Is your child flying alone to see Dad or Grandma and Grandpa during the holiday season? Unaccompanied minors (UM), in airline terms, are a common occurrence to the airlines though can be a confusing nightmare to us parents!

My kids flew to see their dad often and I was always the parent doing the sign-of-the-cross at the gate as they boarded – so your stress and anxiety about having your kids flying solo is something I am all too familiar with.

Child Flying AloneAre these the questions you’re asking? (I know I did!)

  • At what age is a child considering an unaccompanied minor?
  • What is the cost of flying solo?
  • Can I walk my child to the gate?
  • Can my young child fly alone on an international flight?
  • What if there is a flight connection – who will walk my child to their next flight?
  • What if there is a flight delay?
  • Can the person meeting my child meet them at the gate?
  • How does my child buy a snack on the plane when they do not have a credit card? (When my kids flew, there was food and it was free, but reliving that history is pointless!)

The first of these questions are answered here with information pulled from several airline sites. Airline rules are known to change often, so always check with your airline before booking your child’s ticket.

Airlines’ Unaccompanied Minors Information

United – $150 fee each way. Ages 5-11. 5-7 can only do non-stop. 8-11 can travel on any flight, as long as it’s not an overnight connecting and not the last flight of the day. Ages 12-17 can either pay the service charge or travel as adults. Can walk to gate. United’s FAQ

Delta – $150 fee each way. Parents can walk to the gate (gate pass). 5-7 Non-stop only, 8-14 can connect.

Southwest – $50 fee each way. Only non-stop or direct (not changing planes). Ages 5-11. Parents can meet at gate.

American Airlines – $150 fee each way. Two or more UM in the same family can share the fee. Ages 5-11. 5-7 cannot change planes. Parents can walk to gate.

JetBlue – $100 fee each way. Ages 5-14. Non-stop. Gate pass.

Frontier – $150 fee each way. May fly international, but only on Non-stop flights. Gate pass. Ages 5-14.

Alaska Airlines – $25 fee each way, $50 if on connecting flight. Ages 5-12, 5-7 can only do direct. Gate pass.

British Airways – Travel from US $100 fee. Ages 5-12. No Gate Pass.

KLM – Within Europe, €50 Nonstop, €65 with Transfer. Intercontinental, €75 Nonstop, €90 with Transfer. Ages 5-14. During a long transfer at Amsterdam Airport Schiphol, children will stay in Junior Jet Lounge. No Gate Pass.

Emirates – No fee mentioned. Ages 5-12. They’ll make a cake for the child if it’s their birthday.

Lufthansa – €50/$75 within Europe, €80/$120 Intercontinental. 5-11.

Air New Zealand – No fee mentioned (unaccompanied minors are charged the best adult fare). Can be booked online or by phone, but not on their mobile app. Ages 5-11.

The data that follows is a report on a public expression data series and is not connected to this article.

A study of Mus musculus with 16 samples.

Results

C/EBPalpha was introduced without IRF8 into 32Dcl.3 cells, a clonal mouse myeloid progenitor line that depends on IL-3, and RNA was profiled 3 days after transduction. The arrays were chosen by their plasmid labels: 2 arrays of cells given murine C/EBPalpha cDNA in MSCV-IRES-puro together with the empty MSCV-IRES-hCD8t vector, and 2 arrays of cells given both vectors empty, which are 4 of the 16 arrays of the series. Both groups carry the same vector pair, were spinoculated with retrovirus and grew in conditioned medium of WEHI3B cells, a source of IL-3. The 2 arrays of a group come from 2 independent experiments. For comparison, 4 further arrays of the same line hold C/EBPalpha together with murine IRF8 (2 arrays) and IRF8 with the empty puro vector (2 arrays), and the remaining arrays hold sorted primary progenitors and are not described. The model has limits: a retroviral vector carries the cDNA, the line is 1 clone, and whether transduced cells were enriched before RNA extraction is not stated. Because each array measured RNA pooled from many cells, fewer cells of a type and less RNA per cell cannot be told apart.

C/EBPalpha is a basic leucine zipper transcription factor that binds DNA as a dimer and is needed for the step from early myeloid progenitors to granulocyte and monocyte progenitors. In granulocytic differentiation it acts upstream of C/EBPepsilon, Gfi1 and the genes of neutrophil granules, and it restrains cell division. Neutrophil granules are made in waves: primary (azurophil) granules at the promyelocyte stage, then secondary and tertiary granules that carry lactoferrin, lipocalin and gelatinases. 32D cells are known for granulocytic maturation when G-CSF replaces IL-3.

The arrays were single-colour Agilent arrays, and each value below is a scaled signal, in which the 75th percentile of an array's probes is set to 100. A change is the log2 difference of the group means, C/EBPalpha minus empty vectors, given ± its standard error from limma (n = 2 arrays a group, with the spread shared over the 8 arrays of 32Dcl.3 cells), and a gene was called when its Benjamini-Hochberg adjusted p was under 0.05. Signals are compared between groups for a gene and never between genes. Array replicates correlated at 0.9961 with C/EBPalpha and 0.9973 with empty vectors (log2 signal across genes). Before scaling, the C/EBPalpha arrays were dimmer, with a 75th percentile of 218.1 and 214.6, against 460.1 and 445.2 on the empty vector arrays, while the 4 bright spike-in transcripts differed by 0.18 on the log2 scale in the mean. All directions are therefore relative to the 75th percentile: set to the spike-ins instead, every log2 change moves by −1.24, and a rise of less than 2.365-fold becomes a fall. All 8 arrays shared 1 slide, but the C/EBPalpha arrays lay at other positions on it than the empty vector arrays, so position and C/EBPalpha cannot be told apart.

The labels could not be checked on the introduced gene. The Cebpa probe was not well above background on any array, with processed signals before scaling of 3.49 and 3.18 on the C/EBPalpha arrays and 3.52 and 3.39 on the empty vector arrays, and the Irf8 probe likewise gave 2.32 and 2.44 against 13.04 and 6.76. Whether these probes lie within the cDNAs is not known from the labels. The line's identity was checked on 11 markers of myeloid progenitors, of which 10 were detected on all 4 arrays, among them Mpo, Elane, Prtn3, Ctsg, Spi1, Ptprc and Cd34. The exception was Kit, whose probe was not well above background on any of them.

Asiana – There is a fee for international flights, but it is not listed on the site. There is no fee for domestic flights in Korea. Ages 5-11 (International), 5-12 (Domestic).

If your child will be flying on an airline other than one of these mentioned, use Google and search on “unaccompanied minor” + your airline’s name or call your airline directly.

Here are even more things you need to know:

  • Do not leave the airport until you know your child’s flight is up in the air — not just backed away from the gate. If there is any kind of issue that brings the plane back to the gate (mechanical or weather), you’ll want to be there if your child disembarks.
  • Have your child carry some form of ID. It may be his or her name on the back of your business cards (with your mobile number listed also!) or a copy of his or her itinerary.
  • Send with your child a list of any and all family members who will be at either end of the trip as well as their mobile numbers. The UM paperwork should have most of this, but be safe and have your child carry a second copy of this.
  • Also send your child with snacks to eat along the journey. While the airline may offer a complimentary snack to your child, you know best what type of foods they’ll eat. A peanut butter and jelly sandwich, crackers, fruit, nuts or other easy to pack items are best.
  • If your child is carrying a mobile phone, ensure your mobile number is programmed in it and that the child knows how to call you. Also be sure they know how to turn off the phone and turn it back on or set it to airplane mode (and when!).

Saying good-bye as your child walks down the jetway is tough enough. Not knowing all the rules shouldn’t stress you out more. If you have more questions, ask away!

[Editor’s note: This article has been updated and is current as of November 2015. As always, check with the airline for their current rates.]